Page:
That’s what CERN produces from their 6 experiments each year. How this data is subsequently accessed and replicated around the world is an interesting tale in multi-tier data grids.
When an experiment is run at CERN, the data is captured locally in what’s called Tier 0. After some initial processing, this data is stored on tape at Tier 0 (CERN) and then replicated to over 10 Tier 1 locations around the world which then become a second permanent repository for all CERN experiment data. Tier 2 centers can request data from Tier 1 locations and process the data and return results to Tier 1 for permanent storage. Tier 3 data centers can request data and processing time from Tier 2 centers to analyze the CERN data.
Each experiment has it’s own set of Tier 1 data centers that store its results. According to the latest technical description I could find, the Tier 0 (at CERN) and most Tier 1 data centers provide a tape storage permanent repository for experimental data frontended by a disk cache. Tier 2 can have similar resources but are not expected to be a permanent repository for data.
Each Tier 1 data center has it’s own hierarchical management system (HMS) or mass storage system (MSS) based on any number of software packages such as HPSS, CASTOR, Enstore, dCache, DPM, etc., most of which are open source products. But regardless of the HMS/MSS implementation they all a set of generic storage management services based on the Storage Resource Manager (SRM) as defined by a consortium of research centers and provide a set of file transfer protocols defined by yet another set of standards by Globus or gLite.
Each Tier 1 data center manages their own storage element (SE). Each experiment storage element has disk storage with optionally tape storage (using one or more of the above disk caching packages) and provides authentication/security, provides file transport, and maintains catalogs and local databases. These catalogs and local databases index the data sets or files available on the grid for each experiment.
Data stored in the grid are considered read-only and can never be modified. It is intended for users that need to process this data read it from Tier 1 data centers, process the data and create new data which is then stored in the grid. New data added Data to be placed in the grid must be registered to the LCG file catalogue and transferred to a storage element to be replicated throughout the grid.
CERN data grid file access
“Files in the Grid can be referred to by different names: Grid Unique IDentifier (GUID), Logical File Name (LFN), Storage URL (SURL) and Transport URL (TURL). While the GUIDs and LFNs identify a file irrespective of its location, the SURLs and TURLs contain information about where a physical replica is located, and how it can be accessed.” (taken from the gLite user guide).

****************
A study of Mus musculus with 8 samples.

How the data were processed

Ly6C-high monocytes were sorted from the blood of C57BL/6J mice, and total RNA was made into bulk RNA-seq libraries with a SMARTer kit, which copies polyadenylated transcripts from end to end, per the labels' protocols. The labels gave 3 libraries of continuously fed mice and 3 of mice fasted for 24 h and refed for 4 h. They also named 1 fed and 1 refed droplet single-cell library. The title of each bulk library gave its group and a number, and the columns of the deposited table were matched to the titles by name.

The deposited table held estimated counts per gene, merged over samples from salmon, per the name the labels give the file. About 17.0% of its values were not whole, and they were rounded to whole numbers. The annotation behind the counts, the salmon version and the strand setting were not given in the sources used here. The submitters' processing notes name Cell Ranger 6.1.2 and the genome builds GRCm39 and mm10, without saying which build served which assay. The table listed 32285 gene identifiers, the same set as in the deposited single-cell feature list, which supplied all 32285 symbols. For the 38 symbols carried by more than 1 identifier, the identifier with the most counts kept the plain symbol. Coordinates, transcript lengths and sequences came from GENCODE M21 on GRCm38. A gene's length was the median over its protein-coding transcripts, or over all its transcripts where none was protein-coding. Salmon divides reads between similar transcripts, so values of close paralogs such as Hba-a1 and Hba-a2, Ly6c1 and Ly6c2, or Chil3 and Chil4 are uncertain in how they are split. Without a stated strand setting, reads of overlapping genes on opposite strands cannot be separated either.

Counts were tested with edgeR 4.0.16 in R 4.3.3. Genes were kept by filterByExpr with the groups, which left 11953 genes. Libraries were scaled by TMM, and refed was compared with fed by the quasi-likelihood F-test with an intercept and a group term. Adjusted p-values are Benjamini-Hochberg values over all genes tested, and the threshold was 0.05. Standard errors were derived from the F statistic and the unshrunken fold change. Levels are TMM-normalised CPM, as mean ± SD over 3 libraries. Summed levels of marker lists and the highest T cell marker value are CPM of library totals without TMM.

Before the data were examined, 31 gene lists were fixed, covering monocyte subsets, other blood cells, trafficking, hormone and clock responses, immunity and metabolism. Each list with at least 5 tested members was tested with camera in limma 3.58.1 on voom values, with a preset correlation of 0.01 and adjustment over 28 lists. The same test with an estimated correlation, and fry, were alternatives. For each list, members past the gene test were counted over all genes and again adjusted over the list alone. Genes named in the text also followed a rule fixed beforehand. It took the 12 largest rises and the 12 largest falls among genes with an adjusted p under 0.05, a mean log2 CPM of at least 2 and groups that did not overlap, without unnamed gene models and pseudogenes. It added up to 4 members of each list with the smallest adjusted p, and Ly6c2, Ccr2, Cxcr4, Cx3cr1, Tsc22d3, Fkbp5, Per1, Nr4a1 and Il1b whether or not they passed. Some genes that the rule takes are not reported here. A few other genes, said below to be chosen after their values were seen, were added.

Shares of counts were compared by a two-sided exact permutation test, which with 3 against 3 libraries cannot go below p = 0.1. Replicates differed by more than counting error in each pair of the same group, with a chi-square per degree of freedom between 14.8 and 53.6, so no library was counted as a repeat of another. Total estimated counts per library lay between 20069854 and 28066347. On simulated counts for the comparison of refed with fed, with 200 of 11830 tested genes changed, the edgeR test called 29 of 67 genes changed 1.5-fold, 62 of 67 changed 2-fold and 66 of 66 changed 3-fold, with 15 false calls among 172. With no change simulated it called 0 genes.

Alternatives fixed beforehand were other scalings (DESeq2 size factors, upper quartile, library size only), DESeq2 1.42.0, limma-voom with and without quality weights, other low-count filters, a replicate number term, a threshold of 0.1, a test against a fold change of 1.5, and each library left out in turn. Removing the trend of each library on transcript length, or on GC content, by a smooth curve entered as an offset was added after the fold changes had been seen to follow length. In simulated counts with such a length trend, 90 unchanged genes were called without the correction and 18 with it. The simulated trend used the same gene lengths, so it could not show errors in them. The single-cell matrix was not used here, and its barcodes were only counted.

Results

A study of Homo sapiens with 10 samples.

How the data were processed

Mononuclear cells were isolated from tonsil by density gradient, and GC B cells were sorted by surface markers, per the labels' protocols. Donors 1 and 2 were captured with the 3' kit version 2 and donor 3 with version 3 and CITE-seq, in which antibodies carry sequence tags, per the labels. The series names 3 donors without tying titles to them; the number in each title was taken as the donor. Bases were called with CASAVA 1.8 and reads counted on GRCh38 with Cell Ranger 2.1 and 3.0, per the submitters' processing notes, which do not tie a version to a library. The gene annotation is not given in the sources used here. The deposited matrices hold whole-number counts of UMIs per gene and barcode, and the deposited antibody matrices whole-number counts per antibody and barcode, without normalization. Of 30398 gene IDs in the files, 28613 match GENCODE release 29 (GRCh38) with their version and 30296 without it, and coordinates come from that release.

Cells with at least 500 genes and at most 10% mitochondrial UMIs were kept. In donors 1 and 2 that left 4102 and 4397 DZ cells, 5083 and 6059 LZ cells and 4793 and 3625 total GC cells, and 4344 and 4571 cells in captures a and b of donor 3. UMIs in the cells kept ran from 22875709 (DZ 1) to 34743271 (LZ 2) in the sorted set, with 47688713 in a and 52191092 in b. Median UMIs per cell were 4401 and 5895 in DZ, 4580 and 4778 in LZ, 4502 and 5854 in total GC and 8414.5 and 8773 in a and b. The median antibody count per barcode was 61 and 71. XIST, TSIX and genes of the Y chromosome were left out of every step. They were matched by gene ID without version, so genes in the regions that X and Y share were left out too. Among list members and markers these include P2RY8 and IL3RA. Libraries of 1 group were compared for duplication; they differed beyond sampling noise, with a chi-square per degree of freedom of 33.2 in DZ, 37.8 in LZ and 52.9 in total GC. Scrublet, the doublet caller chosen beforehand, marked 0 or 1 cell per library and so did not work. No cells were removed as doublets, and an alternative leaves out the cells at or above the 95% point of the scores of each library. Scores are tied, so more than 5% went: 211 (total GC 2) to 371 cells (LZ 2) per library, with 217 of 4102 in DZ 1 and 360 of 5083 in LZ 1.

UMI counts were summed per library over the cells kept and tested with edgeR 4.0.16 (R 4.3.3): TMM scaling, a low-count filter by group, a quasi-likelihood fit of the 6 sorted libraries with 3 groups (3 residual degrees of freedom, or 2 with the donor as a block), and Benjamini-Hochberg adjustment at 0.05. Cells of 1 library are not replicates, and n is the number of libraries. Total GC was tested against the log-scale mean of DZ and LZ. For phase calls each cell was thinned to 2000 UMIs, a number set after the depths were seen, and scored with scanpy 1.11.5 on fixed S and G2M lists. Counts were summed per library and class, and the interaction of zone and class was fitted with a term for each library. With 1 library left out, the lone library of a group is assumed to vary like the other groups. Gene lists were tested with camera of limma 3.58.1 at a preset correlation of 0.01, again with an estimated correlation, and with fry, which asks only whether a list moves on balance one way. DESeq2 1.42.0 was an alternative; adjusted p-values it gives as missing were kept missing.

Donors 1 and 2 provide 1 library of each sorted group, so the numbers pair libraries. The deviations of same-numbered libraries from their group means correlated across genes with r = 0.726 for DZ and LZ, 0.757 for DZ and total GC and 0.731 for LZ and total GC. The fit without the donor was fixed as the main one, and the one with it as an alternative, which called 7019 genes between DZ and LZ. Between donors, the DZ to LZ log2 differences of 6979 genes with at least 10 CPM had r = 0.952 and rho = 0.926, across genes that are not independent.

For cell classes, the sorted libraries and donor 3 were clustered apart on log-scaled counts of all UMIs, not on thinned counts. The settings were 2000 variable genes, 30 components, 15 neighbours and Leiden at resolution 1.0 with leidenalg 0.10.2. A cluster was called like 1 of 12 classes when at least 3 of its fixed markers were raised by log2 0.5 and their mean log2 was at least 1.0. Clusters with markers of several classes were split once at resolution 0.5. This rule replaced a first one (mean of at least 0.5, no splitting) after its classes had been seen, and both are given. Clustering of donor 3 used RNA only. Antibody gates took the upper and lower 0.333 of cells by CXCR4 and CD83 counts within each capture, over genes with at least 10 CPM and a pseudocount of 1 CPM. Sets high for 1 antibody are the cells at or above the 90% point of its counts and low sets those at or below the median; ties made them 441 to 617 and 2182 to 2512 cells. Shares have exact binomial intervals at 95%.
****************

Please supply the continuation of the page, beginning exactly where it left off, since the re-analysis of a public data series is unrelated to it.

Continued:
- GUIDs look like guid:<unique_string> files are given an unique GUID when created and can never be changed. The unique string portion of the GUID is typically a combination of MAC address and time-stamp and is unique across the grid.
- LFNs look like lfn:<unique_string> files can have many different LFNs all pointing or linking to the same data. LFN unique strings typically follow unix-like conventions for file links.
- SURLs look like srm:<se_hostname>/path and provide a way to access data located at a storage element. SURLs are transformed to TURLs. SURLs are immutable and are unique to a storage element.
- TURLs look like <protocol>://<se_hostname>:<port>/path and are obtained dynamically from a storage element. TURLs can have any format after the // that uniquely identifies the file to the storage element but typically they have a se_hostname, port and file path.
GUIDs and LFNs are used to lookup a data set in the global LCG file catalogue . After file lookup a set of site specific replicas are returned (via SURLs) which are used to request file transfer/access from a nearby storage element. The storage element accepts the file’s SURL and assigns a TURL which can then be used to transfer the data to wherever it’s needed. TURLs can specify any file transfer protocol supported across the grid
CERN data grid file transfer protocols supported for transfer and access currently include:
- GSIFTP – a grid security interface enabled subset of the GRIDFTP interface as defined by Globus
- gsidcap – a grid security interface enabled feature of dCache for ftp access.
- rfio – remote file I/O supported by DPM. There is both a secure and an insecure version of rfio.
- file access – local file access protocols used to access the file data locally at the storage element.
While all storage elements provide the GSIFTP protocol, the other protocols supported depend on the underlying HMS/MSS system implemented by the storage element for each experiment. Most experiments use one type of MSS throughout their world wide storage elements and as such, offer the same file transfer protocols throughout the world.
If all this sounds confusing, it is. Imagine 15PB a year of data replicated to over 10 Tier 1 data centers which can then be securely processed by over 160 Tier 2 data centers around the world. All this supports literally thousands of scientist who have access to every byte of data created by CERN experiments and scientists that post process this data.
Just exactly how this data is replicated to the Tier 1 data centers and how a scientists processes such data must be the subject for other posts.